This weekend I’ll be traveling in Jimmy Buffet’s footsteps, and will find myself down around Biloxi for the Children’s Literature Association conference. I’m presenting another section of the project I’ve been working on, about psychology, pedagogy, and literature in the nineteenth century. I’ve been thinking mostly about fact-based learning and prior knowledge, and that’s that the conference paper is about, adding readings of Peter Parley and the Alice books, on top of what I earlier wrote about Peter Pan. The abstract is pasted below.
“Now what I want is Facts,” says Thomas Gradgrind in the opening sentence of Hard Times. Dickens satirizes the Gradgrindian mode of education, and surely we reject Gradgrind’s claim that “Facts are all that is wanted in life.” Our educational system values experiential learning, such as learning through play, more than the rote memorization that Dickens caricatures. So why does Gradgrind remain such an appropriate caricature of a teacher? Why do we ask students to learn facts? In other words, to borrow a question faced by teacher at all levels, why do students have to learn that? These questions – especially relevant today as states seek to standardize education and testing practices necessitate a focus on information that can be conveyed in multiple choice – have a history of their own, which this paper will explore.
Psychologists have long recognized that facts are an essential component of critical thinking: higher-order thinking requires a context and a background, a network of prior knowledge in which to process new information. Cognitive scientist Daniel T. Willingham stresses this point in Why Don’t Students Like School (2009), and as early as 1898 William James, in his Talks to Teachers, recognized the necessity of prior knowledge. E. D. Hirsch makes the case in The Schools We Need and Why We Don’t Have Them that a standardized national education would result in a more equal society, providing cultural capital to lower-income and migratory students who might not get it at home. If these were the main justification for teaching facts, few would resist.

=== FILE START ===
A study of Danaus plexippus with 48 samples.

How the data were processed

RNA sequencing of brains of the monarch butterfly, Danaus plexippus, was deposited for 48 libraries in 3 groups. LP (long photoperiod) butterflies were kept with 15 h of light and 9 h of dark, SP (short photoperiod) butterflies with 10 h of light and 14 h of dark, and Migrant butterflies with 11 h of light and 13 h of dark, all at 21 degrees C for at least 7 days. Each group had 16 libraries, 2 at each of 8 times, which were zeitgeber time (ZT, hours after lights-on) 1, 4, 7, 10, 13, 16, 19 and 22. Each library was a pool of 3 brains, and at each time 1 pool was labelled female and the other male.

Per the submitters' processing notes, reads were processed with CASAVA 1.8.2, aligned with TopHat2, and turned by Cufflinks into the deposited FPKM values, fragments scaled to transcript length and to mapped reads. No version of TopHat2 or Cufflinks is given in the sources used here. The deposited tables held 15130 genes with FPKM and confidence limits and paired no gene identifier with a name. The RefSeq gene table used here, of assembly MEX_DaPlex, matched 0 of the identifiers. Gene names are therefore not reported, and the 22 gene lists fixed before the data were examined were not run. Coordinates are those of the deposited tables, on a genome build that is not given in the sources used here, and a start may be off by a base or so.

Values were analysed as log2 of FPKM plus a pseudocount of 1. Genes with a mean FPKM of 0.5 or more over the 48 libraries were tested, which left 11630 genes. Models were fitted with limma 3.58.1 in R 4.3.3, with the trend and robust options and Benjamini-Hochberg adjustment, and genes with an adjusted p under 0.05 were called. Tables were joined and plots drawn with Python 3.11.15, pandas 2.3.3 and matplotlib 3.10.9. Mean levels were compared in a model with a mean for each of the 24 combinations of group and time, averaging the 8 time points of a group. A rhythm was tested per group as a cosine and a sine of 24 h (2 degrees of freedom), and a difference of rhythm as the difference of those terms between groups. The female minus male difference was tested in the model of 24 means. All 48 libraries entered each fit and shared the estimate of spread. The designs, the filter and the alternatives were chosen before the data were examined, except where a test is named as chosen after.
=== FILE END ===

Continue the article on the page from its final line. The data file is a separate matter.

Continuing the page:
But fact-based learning is generally associated with rote learning, and with conservative, outmoded education. And it has been since at least the beginning of the 19th century. This paper will address the history of reactions to fact-based education in two popular nineteenth-century children’s books: Samuel Goodrich’s Peter Parley books and Lewis Carroll’s Alice books. Goodrich’s series, published in America and widely pirated in Britain, rejected fiction and fairy tales in favor of true, factual information. He writes in his autobiography that Hannah More “had discovered that truth could be made attractive to simple minds. . . Did not children love truth? If so, was it necessary to feed them on fiction?” And as Alice falls down the rabbit hole she recalls a litany of facts, which follow throughout her journey: her reliance on her previous education helps her process the nonsense world she enters. Even as Carroll separates his child heroine from the adult world, she proves unable to process her surroundings without relying on her internal network of prior knowledge. I read the Peter Parley books as an attempt to bring literature in line with schools’ emphasis on factual knowledge, and the Alice books not as mere parodies of Victorian education but as genuine attempts to consider the role of facts in learning.